March 12, 2000|Neal Gabler | Neal Gabler is the author of "Life the Movie: How Entertainment Conquered Reality."

AMAGANSETT, N.Y. — There probably isn't an American alive unfamiliar with the ritual: the blinking set, like a spaceship in one of those '50s sci-fi films; the "lifelines"; the portentous music and even more portentous "Is that your final answer?" "Who Wants to Be a Millionaire"--there is no question mark since the title is so rhetorical none is necessary--is not only the phenomenon of the moment; it is one of those communal experiences in American culture like "Seinfeld," "Titanic" and the Super Bowl.

Why a cheesy game show is commandeering the TV ratings is a matter of some head-scratching. Some attribute its success to the increasing decrepitation of traditional programming on the major networks. Others say it has the frisson of real life: ordinary people getting a chance at big money and allowing viewers a vicarious thrill. Still others say the archaism of the show is its appeal; it has the retro virtue of simplicity.

But "Millionaire" and the half-dozen imitators surfing its wake do something that may, at first blush, be less obvious. Though they look retro, they express a popular new attitude toward information and knowledge, one that challenges traditional respect for knowledge as a mark of achievement and a means of appropriating the world. Stripped to their essentials, these shows are about the power of useless information in a society overwhelmed by useless information. It isn't the person who is the smartest or most knowledgeable, in the usual sense of that word, who gets the prize. On "Millionaire," the winner is the person who knows the most trivia: the poet after whose daughter a computer language is named, the place where major-league baseballs are sewn, the planet on which Luke Skywalker lived. The less valuable the information, the better.

Even before you could get a cool million for it, information was a source of power in America. In this most pragmatic of countries, it was assumed that the more you knew, the more you knew how to do, and the more you knew how to do, the more easily you could manipulate your world. That is, information was important primarily because it was instrumental to some end. Still, for all the emphasis on pragmatism and the disdain for pure intellect, there was also a European carry-over that honored those who had managed to convert information into knowledge. Knowledge meant one had assimilated the accumulated wisdom of mankind and thus gained a deeper understanding of the world, whether this understanding had any practical consequences or not.

Though they could be pretty ridiculous, the old quiz shows respected the power of knowledge and honored the caste that held it. In the '40s, radio shows like "Quiz Kids" and "Information Please" were predicated on their panelists' intellectual prowess. Even the moderator, Clifton Fadiman, was an intellectual. Similarly, the superstar of the '50s quiz shows, Charles Van Doren of "Twenty-One," was an intellectual Brahmin: His father was the noted literary scholar Mark Van Doren, and Charles was an assistant professor at Columbia University. Van Doren became a star both because he seemed so smart (which turned out to be a fallacy, since the show was rigged and he had been given the answers) and because he carried the golden aura of the intellectual class, while the contestant he defeated, a rumpled Jewish autodidact named Herbert M. Stempel, didn't. Van Doren's eventual celebrity attested to a residual pride in education and intellectual breeding.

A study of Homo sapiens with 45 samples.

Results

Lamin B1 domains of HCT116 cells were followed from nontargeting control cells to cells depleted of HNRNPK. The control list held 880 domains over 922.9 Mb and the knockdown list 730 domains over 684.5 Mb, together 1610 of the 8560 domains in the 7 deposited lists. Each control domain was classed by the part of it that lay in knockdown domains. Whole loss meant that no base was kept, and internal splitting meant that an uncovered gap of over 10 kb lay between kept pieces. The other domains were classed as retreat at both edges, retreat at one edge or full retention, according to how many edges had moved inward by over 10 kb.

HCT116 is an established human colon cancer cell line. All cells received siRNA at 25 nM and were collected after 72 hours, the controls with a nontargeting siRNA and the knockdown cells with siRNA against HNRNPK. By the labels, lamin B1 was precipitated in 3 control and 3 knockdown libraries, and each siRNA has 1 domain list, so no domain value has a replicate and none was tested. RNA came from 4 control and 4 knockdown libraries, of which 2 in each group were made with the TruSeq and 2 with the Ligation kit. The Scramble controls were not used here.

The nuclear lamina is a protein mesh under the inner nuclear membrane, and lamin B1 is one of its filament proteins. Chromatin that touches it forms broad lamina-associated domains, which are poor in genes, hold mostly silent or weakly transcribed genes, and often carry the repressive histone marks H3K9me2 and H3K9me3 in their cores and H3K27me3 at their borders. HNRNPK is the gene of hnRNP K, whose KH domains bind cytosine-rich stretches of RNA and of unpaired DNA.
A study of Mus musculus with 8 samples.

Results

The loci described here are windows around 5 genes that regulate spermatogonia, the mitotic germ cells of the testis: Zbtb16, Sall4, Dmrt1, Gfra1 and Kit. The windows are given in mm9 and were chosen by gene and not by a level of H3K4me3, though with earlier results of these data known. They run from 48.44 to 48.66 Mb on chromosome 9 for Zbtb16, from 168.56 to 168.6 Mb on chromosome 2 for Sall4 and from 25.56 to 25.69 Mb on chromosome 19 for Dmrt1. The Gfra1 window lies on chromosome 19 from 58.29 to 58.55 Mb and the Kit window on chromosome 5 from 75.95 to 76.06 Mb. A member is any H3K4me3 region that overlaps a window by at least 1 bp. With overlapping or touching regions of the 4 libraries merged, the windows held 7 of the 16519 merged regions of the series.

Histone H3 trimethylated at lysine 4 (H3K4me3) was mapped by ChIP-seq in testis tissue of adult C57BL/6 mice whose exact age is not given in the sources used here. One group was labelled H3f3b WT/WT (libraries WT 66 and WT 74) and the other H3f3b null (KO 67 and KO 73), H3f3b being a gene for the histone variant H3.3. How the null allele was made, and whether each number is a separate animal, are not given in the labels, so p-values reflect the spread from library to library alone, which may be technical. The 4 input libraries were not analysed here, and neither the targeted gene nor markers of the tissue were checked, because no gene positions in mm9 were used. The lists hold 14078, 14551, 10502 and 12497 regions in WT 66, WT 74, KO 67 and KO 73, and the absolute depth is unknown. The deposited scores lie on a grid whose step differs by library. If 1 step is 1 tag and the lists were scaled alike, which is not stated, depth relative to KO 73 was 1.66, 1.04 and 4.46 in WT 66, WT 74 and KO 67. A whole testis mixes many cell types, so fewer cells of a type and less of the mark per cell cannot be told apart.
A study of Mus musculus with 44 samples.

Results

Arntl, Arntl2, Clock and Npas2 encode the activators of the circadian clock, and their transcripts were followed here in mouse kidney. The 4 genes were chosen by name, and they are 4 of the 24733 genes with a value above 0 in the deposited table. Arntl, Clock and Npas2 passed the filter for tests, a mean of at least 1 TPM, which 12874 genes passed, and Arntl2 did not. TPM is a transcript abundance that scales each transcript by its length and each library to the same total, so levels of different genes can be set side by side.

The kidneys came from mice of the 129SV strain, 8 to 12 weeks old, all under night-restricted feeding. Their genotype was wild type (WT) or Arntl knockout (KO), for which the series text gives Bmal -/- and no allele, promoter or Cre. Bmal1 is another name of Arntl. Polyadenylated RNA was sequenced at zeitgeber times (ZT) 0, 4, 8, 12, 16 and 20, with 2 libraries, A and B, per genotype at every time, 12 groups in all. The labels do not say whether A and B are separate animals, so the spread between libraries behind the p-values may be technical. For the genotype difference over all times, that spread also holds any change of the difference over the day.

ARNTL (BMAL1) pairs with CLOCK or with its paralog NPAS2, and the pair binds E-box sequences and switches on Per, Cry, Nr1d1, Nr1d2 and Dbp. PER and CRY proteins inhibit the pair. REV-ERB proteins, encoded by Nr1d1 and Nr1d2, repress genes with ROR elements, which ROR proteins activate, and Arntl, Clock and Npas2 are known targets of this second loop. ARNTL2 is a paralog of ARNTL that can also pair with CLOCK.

Yet, if those old quiz shows celebritized intellectuals, turning brains into stardom, they also democratized the acquisition of information by suggesting it was really just a matter of study. On "The $64,000 Question," the "Millionaire" of the '50s, contestants chose an area of expertise and then answered questions in it, giving the impression that they had mastered one branch of knowledge. That is why boy genius Robert Strom, whose chosen field was chemistry, captured the national imagination at the time. Strom was being rewarded for his precocity in having learned all those difficult equations, in effect, for his self-education.

The basic idea, and no doubt one appeal of the programs, was that anyone willing to devote the time to master information or hone his intelligence could win. It was a matter of brains and hard work--again, an educational process.

"Millionaire" conveys an entirely different message. With neither professional intellectuals nor common-man experts as contestants, it addresses the value of information itself. It is no accident that it has arisen in a society in which there is almost certainly more information available than at any time in history.